IN THE NORTHERN MARIANAS, ‘IF IT AIN'T FROM THE LOUIS VUITTON STORE, IT


By Aldwin R. Fajardo Staff Reporter

SAIPAN, Northern Mariana Islands (June 2, 2000 – Saipan Tribune/Abridged)---There is only one way to know whether the Louis Vuitton item you are keeping an eye on is genuine or counterfeit and being able to pick one from the other does not require special expertise or training from the customs division.

Louis Vuitton Asia-Pacific Anti-Counterfeiting head Frederic Thiry said the item is 100 percent fake if it is being peddled in a shop other than the official company shop which, in the case of Saipan, is located at the Duty Free Shoppers Galleria.

While there are other distinct marks that could distinguish the original Louis Vuitton product from the imitation, Mr. Thiry said this information is highly classified and can be disclosed only to the proper government authorities that handle programs against counterfeiting.

He explained that some unscrupulous mind could always find a way to imitate whatever distinct qualities an original item may have to make their counterfeit products look genuine.

He stressed that Louis Vuitton products bargained elsewhere on the island than at the official company store at the DFS Galleria are, without a doubt counterfeit items.

"There is only one simple advice we from Louis Vuitton could give our customers and that is to buy only from our legitimate store. That way, they are assured that they get only the genuine LV products that offer true value for their money," Mr. Thiry said in an interview.

He added that Louis Vuitton is giving special attention to Saipan and Guam, the islands being a prime tour destination for overseas Japanese travelers who are also among the company's more important customers.

He explained that a large number of Japanese travelers visit Saipan each month and account for the largest existing and potential market for Louis Vuitton products, thus, the increased vigilance against the entry and proliferation of fake counterfeit items here.

"We could say that the problem here is already too much in the sense that Saipan is a tour destination. It attracts visitors from Japan, which is a big market for us, and we would like to take care of that market as much as we can," he stressed.

Mr. Thiry said there is a special need to increase awareness against the proliferation of fake Louis Vuitton products in the Northern Marianas in order to preserve the islands' image and reputation as a prime tour destination.

He pointed out that an intensified program against counterfeiting would work to the advantage of both Saipan and the Louis Vuitton Company because it facilitates better protection of Saipan as a destination that carries only original and genuine products.

Legal Action

Mr. Thiry also stressed that the company is not taking it easy on counterfeiters and retailers who carry fake Louis Vuitton products. He said they will be dealt with through appropriate legal actions.

There have been numerous instances when Louis Vuitton had to bring cases to court to prosecute unscrupulous individuals who violate not only the company's intellectual property rights but also the consumers' right to genuine and original products.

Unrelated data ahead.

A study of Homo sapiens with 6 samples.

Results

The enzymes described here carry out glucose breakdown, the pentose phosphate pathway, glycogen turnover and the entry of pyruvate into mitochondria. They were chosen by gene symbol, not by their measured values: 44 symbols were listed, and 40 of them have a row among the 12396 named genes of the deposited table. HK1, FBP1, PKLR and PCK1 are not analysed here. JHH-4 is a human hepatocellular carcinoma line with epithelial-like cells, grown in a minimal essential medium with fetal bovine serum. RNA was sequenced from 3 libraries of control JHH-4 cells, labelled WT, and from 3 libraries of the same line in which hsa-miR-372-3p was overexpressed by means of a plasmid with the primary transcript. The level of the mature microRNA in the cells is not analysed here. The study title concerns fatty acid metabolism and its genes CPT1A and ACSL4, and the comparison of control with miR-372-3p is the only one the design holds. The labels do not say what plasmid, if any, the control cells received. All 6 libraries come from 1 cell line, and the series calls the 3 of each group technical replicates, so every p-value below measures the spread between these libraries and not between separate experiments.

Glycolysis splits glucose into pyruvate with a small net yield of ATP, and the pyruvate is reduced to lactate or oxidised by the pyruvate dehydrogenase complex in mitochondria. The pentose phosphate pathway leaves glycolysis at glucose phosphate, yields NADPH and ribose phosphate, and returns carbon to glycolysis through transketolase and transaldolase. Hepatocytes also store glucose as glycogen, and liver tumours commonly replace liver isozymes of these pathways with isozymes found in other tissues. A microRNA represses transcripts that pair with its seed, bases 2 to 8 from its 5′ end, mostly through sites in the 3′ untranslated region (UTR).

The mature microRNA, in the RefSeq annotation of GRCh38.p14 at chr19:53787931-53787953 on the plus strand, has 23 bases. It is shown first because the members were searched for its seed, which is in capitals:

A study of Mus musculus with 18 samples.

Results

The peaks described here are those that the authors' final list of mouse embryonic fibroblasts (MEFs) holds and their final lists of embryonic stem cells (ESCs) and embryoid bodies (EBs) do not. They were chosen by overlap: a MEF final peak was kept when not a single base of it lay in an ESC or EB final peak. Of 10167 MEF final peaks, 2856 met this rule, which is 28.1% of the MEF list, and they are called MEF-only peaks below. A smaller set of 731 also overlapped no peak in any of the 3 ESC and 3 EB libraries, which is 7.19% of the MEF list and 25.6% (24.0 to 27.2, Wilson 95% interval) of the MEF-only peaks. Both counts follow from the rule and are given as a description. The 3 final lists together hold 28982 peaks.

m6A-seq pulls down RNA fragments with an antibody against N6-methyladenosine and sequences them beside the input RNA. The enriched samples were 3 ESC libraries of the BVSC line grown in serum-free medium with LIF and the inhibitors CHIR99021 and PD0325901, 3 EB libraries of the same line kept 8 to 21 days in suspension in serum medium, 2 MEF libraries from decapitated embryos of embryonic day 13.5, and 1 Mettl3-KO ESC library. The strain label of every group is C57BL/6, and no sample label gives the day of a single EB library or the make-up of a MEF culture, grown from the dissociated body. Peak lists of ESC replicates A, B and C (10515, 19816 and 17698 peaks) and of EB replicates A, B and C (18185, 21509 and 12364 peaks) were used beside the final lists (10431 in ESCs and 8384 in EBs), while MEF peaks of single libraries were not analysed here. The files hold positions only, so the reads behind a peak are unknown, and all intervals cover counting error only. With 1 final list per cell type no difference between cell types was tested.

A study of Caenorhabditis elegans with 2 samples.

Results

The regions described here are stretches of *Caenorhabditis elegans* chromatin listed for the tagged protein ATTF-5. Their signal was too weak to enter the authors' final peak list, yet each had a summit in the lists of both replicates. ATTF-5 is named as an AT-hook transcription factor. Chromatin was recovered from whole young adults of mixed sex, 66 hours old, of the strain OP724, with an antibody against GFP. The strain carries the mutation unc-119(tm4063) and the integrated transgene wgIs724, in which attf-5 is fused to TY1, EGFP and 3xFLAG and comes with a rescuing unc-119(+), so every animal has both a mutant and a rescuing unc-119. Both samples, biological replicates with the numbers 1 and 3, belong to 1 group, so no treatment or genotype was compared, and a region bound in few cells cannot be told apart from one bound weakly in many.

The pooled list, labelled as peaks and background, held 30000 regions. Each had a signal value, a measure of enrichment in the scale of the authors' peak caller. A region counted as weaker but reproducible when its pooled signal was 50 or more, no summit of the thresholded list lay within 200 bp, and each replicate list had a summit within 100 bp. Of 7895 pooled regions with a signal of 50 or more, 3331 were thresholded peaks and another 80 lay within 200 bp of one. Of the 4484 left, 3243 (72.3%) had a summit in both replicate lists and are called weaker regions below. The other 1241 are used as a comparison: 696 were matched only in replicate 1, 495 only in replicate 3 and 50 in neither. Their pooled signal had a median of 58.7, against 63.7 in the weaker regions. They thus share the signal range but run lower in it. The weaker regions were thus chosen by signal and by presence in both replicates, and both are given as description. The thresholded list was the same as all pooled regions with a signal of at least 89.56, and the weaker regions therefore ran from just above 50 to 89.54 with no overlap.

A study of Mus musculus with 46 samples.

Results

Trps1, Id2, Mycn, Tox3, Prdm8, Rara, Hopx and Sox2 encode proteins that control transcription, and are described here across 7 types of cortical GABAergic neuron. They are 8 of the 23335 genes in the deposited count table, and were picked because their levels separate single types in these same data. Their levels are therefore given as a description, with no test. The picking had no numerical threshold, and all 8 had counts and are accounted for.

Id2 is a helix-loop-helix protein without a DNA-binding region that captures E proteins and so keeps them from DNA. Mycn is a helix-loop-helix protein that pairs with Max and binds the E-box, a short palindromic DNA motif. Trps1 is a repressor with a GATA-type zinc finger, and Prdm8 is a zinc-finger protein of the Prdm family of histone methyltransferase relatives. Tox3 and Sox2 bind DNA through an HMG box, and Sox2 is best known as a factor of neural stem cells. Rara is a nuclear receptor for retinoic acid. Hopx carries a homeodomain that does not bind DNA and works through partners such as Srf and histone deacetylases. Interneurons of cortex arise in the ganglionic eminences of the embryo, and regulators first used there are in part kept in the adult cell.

However, he admitted that the situation in the Northern Marianas is not as alarming as those in South Korea, Thailand and the Philippines were most of the Saipan-bound counterfeit Louis Vuitton items are produced.

"We do court actions all the time in the Asia-Pacific region. Obviously, there are countries where the problems we face are much more important in terms of size and extent so we have many more cases there," he said.

Anti-counterfeiting drive

The company sponsored a special training seminar yesterday aimed at increasing the awareness of officers of the CNMI customs division stationed at the Saipan International Airport and the Saipan International Harbor about the distinct marks of genuine Louis Vuitton products.

The training program is part of the company's global efforts to combat the proliferation of counterfeiting of Louis Vuitton products. It is expected to help CNMI customs officers prevent the entry of fake items into the Commonwealth.

Mr. Thiry said the company had conducted similar training on Guam earlier in the week, following a successful campaign that was launched in Europe.

"We are doing this because we think that this is one way wherein we can improve our cooperation with the CNMI customs in our battle against counterfeiters. This is quite a big issue for us," he said, adding that Guam and Saipan are two important markets for Louis Vuitton.

Mr. Thiry disclosed that Louis Vuitton spends a lot of money in the protection of the company's intellectual property rights, as well as all its creations, because so much money is being lost due to the widespread retailing of fake items.

Counterfeiting not only affects the company's direct sales but also its image, according to the Louis Vuitton executive who flew in from Hong Kong to the Marianas for the seminar.

"That's why we are so concerned and so active on our efforts to protect not only the legitimate business but also the image of the company.

"Counterfeiting is actually an attack against the creativity and the image of the company," he emphasized.

For additional reports from The Saipan Tribune, go to PACIFIC ISLANDS REPORT News/Information Links: Newspapers/The Saipan Tribune.